By Nicole VilleneuvePennsylvania's the Menzingers have been operating on a cycle of great expectations and fulfilling them since before breakthrough album Chamberlain Waits was released in 2010. And on their new full-length, much-anticipated Epitaph debut On The Impossible Past, they exceed expectations once again. Kicking off with "Good Things," a song that starts small and explodes (not unlike another standout, "Ava House"), it's a track about a touring act's road weariness, but in the context of the album's 13 tracks, it's a steady unravelling as a band of great, young American storytellers. Anthemic is a word that easily gets overused when talking about pop-punk, but it'd be a disservice to the Menzingers to not mention their knack for the grandiose. "Gates" is a masterful (and very Clash-like) pop song that successfully expands their musical scope, while "The Obituaries" and "Nice Things" get dirty enough in the choruses to satisfy the stage divers once more. On the Impossible Past's ambitions may be bigger than its punk britches, which is good, because it shouldn't go overlooked.
Where are you guys currently? Vocalist/guitarist Greg Barnett: We're actually home; we just got off the tour with Rise Against. We're hanging out before we go to Australia in two weeks.
I'm sure the arena tour is a little bit of a different beast for you guys. Yeah, it's so different from anything we're used to or have ever done. We're not the kind of band that have the stage voices that go out like, "okay, Chicago, are you ready!" We still operate like we're playing in front of 50 people in a basement. Then you look out and there are 5,000 people in an arena. We just play as many songs as possible and don't talk, basically.
You guys have had a big few years over the last little while. From the outside it seems like you guys haven't stopped. Absolutely. I think we've been on this routine of tour for a month, come home for a week, go out for another month, come home for two weeks. It's been like that pretty steadily. I think we're all kind of used to it and comfortable. It feels weird to come home sometimes because you're so used to being out.
Watching you guys blow up a bit after Chamberlain Waits, it's maybe hard to say if this success is something you guys had planned, but does this at all resemble a vision you had for the band at all? Sure, I mean, I don't know if I could say I actually saw it to this level, but it's definitely what we always wanted and hoped we would achieve. Things are definitely going on the right path.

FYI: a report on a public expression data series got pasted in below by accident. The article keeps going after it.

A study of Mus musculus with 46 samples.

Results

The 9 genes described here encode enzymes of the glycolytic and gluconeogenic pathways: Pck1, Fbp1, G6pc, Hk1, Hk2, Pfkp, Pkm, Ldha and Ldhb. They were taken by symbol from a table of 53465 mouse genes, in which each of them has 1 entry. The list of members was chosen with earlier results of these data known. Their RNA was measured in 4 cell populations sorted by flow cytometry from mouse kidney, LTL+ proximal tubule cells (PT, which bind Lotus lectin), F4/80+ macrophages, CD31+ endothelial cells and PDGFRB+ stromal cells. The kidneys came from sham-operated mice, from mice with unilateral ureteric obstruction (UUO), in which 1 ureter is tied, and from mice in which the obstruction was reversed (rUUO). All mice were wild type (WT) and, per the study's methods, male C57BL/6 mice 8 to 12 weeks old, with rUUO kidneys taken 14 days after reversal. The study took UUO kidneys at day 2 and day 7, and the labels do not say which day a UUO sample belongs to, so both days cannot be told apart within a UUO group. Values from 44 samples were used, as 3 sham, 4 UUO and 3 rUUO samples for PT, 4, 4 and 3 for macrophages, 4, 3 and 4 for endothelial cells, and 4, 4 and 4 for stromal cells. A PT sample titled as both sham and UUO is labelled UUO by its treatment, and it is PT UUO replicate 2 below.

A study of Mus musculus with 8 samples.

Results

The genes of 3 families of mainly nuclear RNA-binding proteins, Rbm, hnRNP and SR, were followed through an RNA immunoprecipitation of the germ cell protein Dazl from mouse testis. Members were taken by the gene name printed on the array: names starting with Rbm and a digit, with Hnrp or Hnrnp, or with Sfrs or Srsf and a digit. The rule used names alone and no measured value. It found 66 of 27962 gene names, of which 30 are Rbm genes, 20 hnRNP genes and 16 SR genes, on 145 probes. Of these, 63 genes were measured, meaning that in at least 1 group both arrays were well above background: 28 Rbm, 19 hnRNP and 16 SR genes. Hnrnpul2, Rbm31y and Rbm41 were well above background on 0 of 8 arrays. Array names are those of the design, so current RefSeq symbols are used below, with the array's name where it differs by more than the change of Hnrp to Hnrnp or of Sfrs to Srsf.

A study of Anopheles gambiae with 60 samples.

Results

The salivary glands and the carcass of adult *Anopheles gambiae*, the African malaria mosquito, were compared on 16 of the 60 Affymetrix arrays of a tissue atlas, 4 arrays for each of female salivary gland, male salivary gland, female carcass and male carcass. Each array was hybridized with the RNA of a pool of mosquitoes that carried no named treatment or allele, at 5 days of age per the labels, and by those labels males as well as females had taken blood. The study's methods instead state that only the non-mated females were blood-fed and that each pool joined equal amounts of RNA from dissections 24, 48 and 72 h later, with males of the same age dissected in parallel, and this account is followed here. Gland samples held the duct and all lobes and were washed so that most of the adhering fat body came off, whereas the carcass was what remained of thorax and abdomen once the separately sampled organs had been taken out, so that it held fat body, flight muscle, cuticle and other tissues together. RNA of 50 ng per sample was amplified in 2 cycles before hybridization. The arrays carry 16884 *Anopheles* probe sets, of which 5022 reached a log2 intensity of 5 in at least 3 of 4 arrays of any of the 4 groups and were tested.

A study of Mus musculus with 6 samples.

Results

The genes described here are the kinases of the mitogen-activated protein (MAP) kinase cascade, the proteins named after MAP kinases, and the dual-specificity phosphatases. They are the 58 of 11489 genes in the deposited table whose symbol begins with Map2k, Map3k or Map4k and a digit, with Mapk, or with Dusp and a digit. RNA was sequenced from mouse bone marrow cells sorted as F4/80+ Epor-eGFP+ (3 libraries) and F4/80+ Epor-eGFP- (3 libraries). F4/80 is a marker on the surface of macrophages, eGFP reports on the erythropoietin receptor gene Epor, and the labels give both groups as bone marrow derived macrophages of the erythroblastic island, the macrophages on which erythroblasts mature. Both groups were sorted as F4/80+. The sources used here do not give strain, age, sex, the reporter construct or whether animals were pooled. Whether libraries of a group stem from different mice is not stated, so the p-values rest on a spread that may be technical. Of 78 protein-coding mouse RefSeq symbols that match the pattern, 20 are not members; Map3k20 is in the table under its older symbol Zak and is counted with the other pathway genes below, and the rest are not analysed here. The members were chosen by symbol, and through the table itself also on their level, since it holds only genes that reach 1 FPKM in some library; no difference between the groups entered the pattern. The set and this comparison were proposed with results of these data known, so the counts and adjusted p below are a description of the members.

Has there been any high or low point that especially stands out over the past two years? Signing to Epitaph was definitely a surreal experience. Getting phone calls from Brett Gurewitz and flying out to L.A. to meet him, and things like that were weird. Honestly, just the first time that we did a European tour. Getting on a plane, leaving the continent to play music that we wrote in our basement and doing some big European festivals with big bands ― it's just insane. We're all from a really, really small town in Pennsylvania that no one has ever heard of [Scranton], besides a TV show, The Office. It's just funny to be able to do something this big, and not take any of it for granted, and remember where we're from.
I assume you tour enough not to worry about day jobs now. Yeah, this is essentially our jobs, which is funny to say. We're going to be filing taxes and I guess I'm going to be writing "musician" this year. That's definitely something I never thought would ever happen. That's another one of those cool turning points, which is nuts. But I guess that kind of happened after Chamberlain Waits.; we weren't making any money, but we were touring so much. Now it's more financially stable. And when I say, "stable" I do mean it in the loosest way possible [laughs].
Did you receive any backlash from the punk community on the success you're experiencing? You know how easily people will throw the sell-out word around. You know what, no. I think Against Me! were sort of the scapegoats for that. Everybody kind of just took it out on them, then after that, it was like, "you know, everybody has to try to make it somehow." One band get it really harsh, then other bands start to do well and it's like, ultimately, no one's making money. Everybody's been really supportive of everything we've done. We've tried to make the smartest decisions possible and turn down a lot of things that aren't what we agree with.